Unformatted Document Text:  of 6.5 (on a scale of 1-10, with 10 being “complete confidence”) on the first day of class to an average of 8.2 on the last day of class. On the first day survey, students’ most common explanations for their lack of confidence were some variant of “because they are human,” “no system is perfect,” or “lifetime tenure is a bad thing.” On the final survey, their responses tended to be a variant of “politics is involved, but the justices are kept in check,” or “justices should be more isolated from the public to ensure fairness.” Although I personally have no firm basis of comparison, I have seen no previous treatment of judicial simulations that makes a claim that the class experience results in a shift in student thinking about the role and function of the judiciary or the confidence students have in the judicial system. These results seem to substantiate my belief that the choice of cases makes a difference in that it can reinforce course objectives and lead to a greater willingness to engage broad questions about the nature of the judiciary within a democratic system of government. This, in turn, leads me to conclude that there is an important benefit to using cases that directly engage questions about the nature and structure of the judicial branches of government.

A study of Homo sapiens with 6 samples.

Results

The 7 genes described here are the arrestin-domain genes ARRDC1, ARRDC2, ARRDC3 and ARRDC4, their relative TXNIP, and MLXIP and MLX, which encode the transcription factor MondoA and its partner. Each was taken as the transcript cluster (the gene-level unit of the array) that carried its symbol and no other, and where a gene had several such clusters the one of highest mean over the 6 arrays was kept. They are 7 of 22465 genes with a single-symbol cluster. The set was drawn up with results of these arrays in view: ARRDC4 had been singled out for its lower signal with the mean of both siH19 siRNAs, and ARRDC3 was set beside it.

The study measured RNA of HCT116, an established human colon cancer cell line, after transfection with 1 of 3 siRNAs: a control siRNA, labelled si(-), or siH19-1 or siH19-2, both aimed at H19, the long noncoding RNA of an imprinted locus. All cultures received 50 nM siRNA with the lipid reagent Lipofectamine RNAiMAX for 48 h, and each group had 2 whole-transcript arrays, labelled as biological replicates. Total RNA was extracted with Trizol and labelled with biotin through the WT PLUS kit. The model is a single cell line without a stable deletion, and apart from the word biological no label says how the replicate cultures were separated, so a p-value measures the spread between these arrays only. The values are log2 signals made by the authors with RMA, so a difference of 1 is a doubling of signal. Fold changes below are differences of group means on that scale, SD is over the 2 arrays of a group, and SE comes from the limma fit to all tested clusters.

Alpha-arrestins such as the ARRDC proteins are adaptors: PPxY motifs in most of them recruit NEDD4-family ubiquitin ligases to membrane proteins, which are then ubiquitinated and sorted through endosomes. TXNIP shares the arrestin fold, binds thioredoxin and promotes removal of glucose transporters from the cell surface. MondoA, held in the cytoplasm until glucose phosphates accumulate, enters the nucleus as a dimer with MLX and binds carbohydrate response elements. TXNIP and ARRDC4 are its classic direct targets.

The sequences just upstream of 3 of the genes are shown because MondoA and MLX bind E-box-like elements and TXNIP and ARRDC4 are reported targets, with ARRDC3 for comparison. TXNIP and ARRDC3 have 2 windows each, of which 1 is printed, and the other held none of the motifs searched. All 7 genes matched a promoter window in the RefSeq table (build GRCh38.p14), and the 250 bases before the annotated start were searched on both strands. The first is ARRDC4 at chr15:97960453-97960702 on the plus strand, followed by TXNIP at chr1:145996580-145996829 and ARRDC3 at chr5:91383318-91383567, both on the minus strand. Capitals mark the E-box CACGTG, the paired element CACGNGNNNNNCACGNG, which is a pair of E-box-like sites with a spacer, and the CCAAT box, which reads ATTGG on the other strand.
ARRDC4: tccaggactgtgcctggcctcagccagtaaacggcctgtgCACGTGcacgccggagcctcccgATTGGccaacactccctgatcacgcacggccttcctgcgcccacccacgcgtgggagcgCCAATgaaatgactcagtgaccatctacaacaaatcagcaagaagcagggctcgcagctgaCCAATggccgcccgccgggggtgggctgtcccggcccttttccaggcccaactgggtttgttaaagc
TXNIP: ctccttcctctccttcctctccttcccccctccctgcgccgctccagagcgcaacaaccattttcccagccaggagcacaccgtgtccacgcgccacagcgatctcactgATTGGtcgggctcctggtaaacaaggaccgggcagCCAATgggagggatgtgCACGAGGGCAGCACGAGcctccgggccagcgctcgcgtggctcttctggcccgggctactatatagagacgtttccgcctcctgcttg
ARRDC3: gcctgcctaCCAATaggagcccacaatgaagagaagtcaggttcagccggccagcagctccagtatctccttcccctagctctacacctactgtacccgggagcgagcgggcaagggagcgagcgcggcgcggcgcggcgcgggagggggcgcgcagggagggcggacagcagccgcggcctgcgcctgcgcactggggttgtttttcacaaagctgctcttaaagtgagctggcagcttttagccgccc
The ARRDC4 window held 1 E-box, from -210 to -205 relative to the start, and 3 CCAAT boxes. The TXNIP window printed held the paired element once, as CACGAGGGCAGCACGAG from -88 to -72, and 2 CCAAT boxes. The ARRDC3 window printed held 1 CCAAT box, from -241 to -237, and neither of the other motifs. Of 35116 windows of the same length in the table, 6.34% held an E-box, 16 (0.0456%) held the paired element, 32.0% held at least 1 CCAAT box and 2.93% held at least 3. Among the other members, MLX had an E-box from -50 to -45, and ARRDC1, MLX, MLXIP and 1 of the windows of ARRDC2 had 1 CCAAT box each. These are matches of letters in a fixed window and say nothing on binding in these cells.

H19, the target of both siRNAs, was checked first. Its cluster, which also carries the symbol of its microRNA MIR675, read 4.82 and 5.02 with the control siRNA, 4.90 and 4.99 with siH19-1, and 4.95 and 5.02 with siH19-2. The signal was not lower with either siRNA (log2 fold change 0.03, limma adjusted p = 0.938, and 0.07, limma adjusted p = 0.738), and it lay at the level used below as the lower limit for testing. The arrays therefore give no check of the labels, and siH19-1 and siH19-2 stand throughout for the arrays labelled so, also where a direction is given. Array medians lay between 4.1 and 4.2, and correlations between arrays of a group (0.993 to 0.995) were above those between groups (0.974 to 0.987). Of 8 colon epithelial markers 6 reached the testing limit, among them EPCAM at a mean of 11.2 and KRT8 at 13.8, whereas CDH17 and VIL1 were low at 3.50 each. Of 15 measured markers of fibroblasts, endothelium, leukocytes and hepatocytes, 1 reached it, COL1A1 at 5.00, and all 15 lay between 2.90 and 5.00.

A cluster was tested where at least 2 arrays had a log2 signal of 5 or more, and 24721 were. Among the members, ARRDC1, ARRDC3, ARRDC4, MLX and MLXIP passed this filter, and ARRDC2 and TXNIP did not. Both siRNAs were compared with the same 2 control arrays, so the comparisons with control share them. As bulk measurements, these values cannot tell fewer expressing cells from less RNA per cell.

Authors: Caufield, Rachel.
average of 8.2 on the last day of class. On the first day survey, students’ most common
explanations for their lack of confidence were some variant of “because they are human,” “no
system is perfect,” or “lifetime tenure is a bad thing.” On the final survey, their responses tended
to be a variant of “politics is involved, but the justices are kept in check,” or “justices should be
more isolated from the public to ensure fairness.”
Although I personally have no firm basis of comparison, I have seen no previous
treatment of judicial simulations that makes a claim that the class experience results in a shift in
student thinking about the role and function of the judiciary or the confidence students have in
the judicial system. These results seem to substantiate my belief that the choice of cases makes a
difference in that it can reinforce course objectives and lead to a greater willingness to engage
broad questions about the nature of the judiciary within a democratic system of government.
This, in turn, leads me to conclude that there is an important benefit to using cases that directly
engage questions about the nature and structure of the judicial branches of government.